Ministers at Tu B'shvat meal.
(photo credit: Courtesy)
Ministers, MKs, rabbis and other dignitaries took part in a festive Tu Bishvat ceremony at the Knesset on Wednesday afternoon.
Participants imbibed four cups of wine and ate choice fruits and delicacies in celebration of the Jewish new year for trees.
The elaborate ceremony, or seder in Hebrew, was the initiative of the Tzohar national- religious rabbinical association, along with Yesh Atid MK Ruth Calderon, and was the first time a Tu Bishvat celebration of this kind has been held in the Knesset.
Knesset Speaker Yuli Edelstein was in attendance, as was Labor chairman and leader of the opposition MK Isaac Herzog, Calderon and Tzohar chairman Rabbi David Stav.
“When I was young I couldn’t even imagine the scent of the fruits of Israel and its vistas, they were a faroff desire of my heart,” said Edelstein, who was a prisoner of the Soviet regime in the 1980s and was put in a forced-labor camp in Siberia for his Zionist activities.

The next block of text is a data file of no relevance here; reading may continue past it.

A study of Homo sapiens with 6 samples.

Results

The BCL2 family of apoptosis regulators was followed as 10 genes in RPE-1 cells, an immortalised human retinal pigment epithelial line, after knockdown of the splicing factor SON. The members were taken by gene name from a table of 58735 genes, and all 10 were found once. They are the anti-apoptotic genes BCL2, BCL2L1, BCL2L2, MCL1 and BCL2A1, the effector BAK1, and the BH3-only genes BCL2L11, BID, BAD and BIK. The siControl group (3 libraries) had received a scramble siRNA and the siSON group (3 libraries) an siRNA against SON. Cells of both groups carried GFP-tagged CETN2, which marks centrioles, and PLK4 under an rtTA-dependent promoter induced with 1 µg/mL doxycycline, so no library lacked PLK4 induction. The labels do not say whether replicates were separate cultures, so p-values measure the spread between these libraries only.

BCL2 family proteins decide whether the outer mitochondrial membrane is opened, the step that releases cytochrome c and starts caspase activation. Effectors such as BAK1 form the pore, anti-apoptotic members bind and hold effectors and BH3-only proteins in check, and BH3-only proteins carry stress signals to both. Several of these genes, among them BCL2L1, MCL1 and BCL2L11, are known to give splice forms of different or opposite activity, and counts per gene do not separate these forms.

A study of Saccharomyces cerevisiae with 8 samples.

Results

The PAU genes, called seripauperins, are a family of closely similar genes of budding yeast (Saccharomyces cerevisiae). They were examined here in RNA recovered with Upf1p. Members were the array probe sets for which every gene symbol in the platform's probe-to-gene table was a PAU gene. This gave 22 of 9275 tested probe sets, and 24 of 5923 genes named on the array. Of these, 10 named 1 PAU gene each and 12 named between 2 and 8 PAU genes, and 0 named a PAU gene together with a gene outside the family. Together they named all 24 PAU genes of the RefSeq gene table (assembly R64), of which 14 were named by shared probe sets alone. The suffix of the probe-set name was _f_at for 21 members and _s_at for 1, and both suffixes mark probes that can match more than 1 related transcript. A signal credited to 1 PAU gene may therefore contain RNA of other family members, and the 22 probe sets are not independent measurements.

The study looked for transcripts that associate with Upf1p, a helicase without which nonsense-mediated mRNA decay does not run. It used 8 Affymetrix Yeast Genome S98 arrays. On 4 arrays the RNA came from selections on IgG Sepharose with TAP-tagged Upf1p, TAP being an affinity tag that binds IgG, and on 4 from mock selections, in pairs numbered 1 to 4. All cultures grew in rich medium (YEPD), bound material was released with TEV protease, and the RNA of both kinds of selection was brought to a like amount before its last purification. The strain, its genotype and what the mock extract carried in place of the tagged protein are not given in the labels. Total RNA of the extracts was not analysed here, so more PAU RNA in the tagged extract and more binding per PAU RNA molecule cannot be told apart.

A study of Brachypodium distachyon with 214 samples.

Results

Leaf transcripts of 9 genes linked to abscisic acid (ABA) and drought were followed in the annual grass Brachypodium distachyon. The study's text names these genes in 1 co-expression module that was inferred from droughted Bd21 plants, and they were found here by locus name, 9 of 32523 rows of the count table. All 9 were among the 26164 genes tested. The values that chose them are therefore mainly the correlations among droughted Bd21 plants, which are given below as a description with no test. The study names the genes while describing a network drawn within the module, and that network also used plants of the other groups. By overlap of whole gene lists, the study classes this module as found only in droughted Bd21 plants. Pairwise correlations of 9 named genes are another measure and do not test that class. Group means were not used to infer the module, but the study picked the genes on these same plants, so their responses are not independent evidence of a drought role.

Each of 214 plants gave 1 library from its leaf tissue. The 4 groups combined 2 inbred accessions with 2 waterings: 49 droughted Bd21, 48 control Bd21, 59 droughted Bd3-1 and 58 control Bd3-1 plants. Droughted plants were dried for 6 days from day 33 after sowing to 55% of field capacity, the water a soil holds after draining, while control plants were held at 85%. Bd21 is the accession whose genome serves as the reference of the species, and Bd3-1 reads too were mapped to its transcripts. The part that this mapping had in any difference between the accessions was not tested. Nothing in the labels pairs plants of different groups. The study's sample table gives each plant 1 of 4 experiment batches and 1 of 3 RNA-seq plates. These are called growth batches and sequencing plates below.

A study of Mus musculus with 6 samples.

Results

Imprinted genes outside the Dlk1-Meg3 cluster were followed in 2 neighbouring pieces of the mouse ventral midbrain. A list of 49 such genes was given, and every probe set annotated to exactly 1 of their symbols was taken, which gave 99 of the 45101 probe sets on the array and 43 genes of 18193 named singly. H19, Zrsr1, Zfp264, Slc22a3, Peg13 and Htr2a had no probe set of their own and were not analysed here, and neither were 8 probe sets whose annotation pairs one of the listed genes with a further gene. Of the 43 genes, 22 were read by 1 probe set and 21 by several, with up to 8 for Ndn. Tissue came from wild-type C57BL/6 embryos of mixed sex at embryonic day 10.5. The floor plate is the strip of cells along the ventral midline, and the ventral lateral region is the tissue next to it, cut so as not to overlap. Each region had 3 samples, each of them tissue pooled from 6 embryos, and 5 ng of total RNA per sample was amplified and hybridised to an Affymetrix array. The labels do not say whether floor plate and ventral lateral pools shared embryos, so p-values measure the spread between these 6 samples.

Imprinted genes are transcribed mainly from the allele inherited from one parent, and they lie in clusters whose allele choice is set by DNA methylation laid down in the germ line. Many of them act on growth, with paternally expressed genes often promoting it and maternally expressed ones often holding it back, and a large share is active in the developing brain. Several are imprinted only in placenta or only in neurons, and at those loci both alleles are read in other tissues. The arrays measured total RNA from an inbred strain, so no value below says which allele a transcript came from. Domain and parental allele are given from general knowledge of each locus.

He said that in Russia and the other countries of the former Soviet Union, Tu Bishvat comes at a time when snow and ice still abound and the sprouting of tree buds that the holiday celebrates are nowhere to be seen.
Stav, who led the ceremony, described the holiday as “a festival of faith,” since even the first evidence of buds and blossom is still not evident, “despite what a well-known Israeli song [“Haskediya Porochat”] about almond trees says.
“This is a festival of faith.
As the speaker of the Knesset spoke about his youth and his complete faith that he would get to Israel, so, too, on Tu Bishvat we believe that underground seeds are beginning to germinate ahead of the spring blossoming,” continued Stav.
“Someone who plants trees, or is involved in education, knows that it is about connecting the past with the future, that even when you don’t see the fruit, you believe that it is burgeoning and is already on its way.”
Adding to the festivities was several performances by the Fountainhead ensemble, who sang lustily, while dozens of pupils from Kfar Yona, Even Yehuda and the Ein Prat Jewish studies academy were present to partake of the goodies that were laid on by the Knesset for the ceremony.
The Tu Bishvat Seder has mystical roots and was devised by Kabbalists from Safed in the 16th century, who taught that a tree was a metaphor for the way the spiritual and physical worlds are connected.
Participants drink four cups of wine, starting with pure red wine, which is then mixed with increasing amounts of white wine, until the fourth and final cup which is pure white wine.